Hacksaw Ridge

Hacksaw Ridge (2016)
Hacksaw Ridge poster Rating: 8.4/10 (74,669 votes)
Director: Mel Gibson
Writer: Robert Schenkkan (screenplay), Andrew Knight (screenplay)
Stars: Andrew Garfield, Richard Pyros, Jacob Warner, Milo Gibson
Runtime: 139 min
Rated: R
Genre: Drama, History, War
Released: 04 Nov 2016
Plot: WWII American Army Medic Desmond T. Doss, who served during the Battle of Okinawa, refuses to kill people, and becomes the first man in American history to receive the Medal of Honor without firing a shot.

Based on the stunning true story about Desmond Doss, a conscientious objector who signed up for service in World War II, aiming to be a battlefield medic.  The unit he was assigned to after training was sent to fight in the bloodiest battle of the war in Okinawa, in the fight for Hacksaw Ridge.  Doss’ story of the acts of heroism he carried out, all the while refusing to use a weapon, is so astonishing that you would sneer at the implausibility of it had this not actually happened.

The film starts off showing the early life of Doss, and his relationship with his father (Hugo Weaving) in particular.  Raised as a Seventh-day Adventist, punishment doled out by his father for disobeying the commandments was harsh.  When, as a young boy, he almost kills his younger brother, Hal, he has the commandment of Thou Shalt Not Kill reinforced into him further, influencing his pacifistic nature in later life.  The film then picks up when Doss is a young man (played by Andrew Garfield), and shows his devotion to the preservation of life when he takes a man injured by a car accident to hospital, and there meets Dorothy Schutte (Teresa Palmer), a nurse whom Doss falls for and begins to court.  At the same time his interest in the medical profession is sparked.  When war breaks out, Doss signs up, and it is at this point that the film starts to really come into its own.

That first section of the film is very ‘TV movie’ soap operatic in nature, and for most of it it is hard to really see anything that stands out as being more than just average.  Garfield seems awkward and uncomfortable, and the budding romance with Schutte lacks conviction.  However, once the film hits boot-camp, the tone and direction changes completely.  Barracks humour is present, and there are echoes of films such as Full Metal Jacket with regards the contrast between the harshness of military punishment and the humour.  The film suddenly steps up a gear, with Doss’ battle to prove he should be allowed to join the war despite his refusal to take up a weapon.  It’s telling of how well handled this part of the film is that even Vince Vaughn, playing Sergeant Howell, doesn’t bog it down.  Indeed, Vaughn plays well against type here, and shows some of that promise that his early career showed, but was so quickly squandered for ‘comedy’ dross.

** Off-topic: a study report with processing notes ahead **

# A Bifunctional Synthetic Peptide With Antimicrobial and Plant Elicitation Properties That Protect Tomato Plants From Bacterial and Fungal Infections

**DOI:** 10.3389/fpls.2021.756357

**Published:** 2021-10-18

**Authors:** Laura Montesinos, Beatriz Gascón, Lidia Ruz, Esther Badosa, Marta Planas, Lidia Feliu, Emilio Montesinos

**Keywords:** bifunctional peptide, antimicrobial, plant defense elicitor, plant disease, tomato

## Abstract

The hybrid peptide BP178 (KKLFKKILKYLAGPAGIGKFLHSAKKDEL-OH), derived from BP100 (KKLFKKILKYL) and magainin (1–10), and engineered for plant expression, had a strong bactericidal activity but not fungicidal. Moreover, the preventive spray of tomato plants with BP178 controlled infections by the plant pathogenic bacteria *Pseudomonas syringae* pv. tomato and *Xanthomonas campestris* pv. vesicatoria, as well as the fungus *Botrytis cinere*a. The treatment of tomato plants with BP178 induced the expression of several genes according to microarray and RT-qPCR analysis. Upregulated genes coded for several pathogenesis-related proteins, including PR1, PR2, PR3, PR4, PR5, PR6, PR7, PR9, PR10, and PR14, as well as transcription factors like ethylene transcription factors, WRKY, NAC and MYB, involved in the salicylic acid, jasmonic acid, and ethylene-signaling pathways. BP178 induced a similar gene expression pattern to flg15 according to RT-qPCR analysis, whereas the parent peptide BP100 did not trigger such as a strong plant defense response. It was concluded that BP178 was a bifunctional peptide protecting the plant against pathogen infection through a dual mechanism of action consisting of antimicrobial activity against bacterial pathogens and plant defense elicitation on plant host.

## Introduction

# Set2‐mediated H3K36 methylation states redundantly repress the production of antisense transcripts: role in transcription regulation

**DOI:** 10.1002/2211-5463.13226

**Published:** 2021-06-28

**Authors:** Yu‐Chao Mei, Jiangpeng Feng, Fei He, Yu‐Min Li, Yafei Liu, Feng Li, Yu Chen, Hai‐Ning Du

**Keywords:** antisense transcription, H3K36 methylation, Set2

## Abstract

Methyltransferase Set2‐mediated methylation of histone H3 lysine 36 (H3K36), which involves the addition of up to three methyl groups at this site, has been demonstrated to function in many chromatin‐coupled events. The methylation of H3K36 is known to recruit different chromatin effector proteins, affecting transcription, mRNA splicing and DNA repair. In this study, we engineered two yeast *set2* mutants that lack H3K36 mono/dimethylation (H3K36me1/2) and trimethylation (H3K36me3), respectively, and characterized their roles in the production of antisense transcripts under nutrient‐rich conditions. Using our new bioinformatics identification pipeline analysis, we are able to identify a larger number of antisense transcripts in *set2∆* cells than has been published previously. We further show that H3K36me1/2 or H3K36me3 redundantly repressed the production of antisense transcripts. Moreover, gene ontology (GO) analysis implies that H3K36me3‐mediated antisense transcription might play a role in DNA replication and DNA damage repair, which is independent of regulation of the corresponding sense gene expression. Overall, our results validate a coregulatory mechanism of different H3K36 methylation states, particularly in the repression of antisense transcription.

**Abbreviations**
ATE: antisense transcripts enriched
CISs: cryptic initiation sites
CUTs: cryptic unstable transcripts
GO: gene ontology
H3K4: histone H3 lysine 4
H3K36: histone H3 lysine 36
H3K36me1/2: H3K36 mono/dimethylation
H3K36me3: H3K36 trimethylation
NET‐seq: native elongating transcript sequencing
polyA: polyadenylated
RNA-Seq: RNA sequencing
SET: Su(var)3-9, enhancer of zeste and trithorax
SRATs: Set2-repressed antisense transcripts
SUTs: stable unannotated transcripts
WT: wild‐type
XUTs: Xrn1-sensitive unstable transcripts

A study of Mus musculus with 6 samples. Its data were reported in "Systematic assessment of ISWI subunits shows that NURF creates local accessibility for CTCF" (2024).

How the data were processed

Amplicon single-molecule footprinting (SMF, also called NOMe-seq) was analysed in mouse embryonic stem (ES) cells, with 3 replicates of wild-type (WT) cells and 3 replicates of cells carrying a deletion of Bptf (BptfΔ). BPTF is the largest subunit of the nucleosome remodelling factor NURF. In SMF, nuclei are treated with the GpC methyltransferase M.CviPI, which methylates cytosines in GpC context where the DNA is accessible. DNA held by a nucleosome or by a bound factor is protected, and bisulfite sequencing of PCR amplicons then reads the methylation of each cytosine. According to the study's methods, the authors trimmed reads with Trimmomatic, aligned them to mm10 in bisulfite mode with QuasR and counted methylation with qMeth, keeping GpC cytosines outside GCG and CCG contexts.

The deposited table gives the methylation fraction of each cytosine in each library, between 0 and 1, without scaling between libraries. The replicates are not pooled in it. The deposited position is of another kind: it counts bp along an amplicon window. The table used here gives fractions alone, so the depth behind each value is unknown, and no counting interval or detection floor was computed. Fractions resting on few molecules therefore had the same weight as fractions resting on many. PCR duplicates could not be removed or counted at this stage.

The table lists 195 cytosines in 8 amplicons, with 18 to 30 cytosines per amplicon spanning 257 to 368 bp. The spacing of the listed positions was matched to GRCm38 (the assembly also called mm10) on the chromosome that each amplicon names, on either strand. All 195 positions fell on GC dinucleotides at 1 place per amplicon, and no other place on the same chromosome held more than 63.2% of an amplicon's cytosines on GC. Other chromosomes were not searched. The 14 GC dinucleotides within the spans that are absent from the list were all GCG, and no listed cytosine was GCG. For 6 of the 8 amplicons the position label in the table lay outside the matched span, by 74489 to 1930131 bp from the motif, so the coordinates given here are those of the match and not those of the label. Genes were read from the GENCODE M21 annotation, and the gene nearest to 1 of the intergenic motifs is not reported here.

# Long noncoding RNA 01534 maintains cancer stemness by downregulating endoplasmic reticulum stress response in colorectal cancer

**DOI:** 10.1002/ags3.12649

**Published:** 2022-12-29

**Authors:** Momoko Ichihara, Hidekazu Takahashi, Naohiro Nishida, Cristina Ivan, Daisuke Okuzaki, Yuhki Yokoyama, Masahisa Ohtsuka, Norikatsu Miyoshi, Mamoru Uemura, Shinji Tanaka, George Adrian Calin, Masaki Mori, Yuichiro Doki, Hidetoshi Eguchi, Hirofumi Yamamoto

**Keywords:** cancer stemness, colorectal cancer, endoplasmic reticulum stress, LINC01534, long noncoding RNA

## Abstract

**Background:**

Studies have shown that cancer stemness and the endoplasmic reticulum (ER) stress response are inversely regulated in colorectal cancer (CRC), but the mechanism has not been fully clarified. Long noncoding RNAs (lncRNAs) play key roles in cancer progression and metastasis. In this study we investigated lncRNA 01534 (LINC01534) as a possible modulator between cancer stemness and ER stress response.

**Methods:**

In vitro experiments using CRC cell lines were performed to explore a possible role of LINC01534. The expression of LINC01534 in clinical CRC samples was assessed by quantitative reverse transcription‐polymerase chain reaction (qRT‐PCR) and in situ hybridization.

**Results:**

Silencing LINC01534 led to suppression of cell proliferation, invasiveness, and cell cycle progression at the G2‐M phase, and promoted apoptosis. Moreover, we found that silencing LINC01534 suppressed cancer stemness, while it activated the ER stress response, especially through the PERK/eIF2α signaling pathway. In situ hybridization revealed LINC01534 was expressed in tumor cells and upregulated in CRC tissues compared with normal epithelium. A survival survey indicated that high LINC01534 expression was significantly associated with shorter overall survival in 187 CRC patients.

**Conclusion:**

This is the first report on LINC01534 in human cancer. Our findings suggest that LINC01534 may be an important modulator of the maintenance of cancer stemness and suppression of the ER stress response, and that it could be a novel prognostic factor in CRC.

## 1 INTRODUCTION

Once the film moves onto the battlefield, however, much humour is dropped, and the bloody brutality of war is brought to the forefront.  In the handling of these scenes Mel Gibson directs with a stark brutality that may shock and upset some people, not holding back on the bloody (and realistic) effects.  Much like how Spielberg shocked and stunned audiences with the Omaha beach landing in Saving Private Ryan, Gibson’s take on the battle for the Ridge is a visceral, harrowing experience.  It is in this moment that Garfield truly ups his game, and his awkwardness seen at the earlier point of the film now seems to have grown into something more, still looking slightly out of place, but all the more real because of it.

By the time the film ends, any speculation about the validity of the true story is swept away through a few clips of Doss talking about his experience.  Hacksaw Ridge is a film that you experience, not just watch, with the best depiction of war seen on screen since Saving Private Ryan.  Possibly Mel Gibson’s finest film to date, if it were not for the flawed opening act, which stumbles around unsure of itself, it could be classed as a masterpiece.  With that flaw, it is just simply a stunning, brutal and compelling character study of a man who did more than anyone expected in a very harsh environment.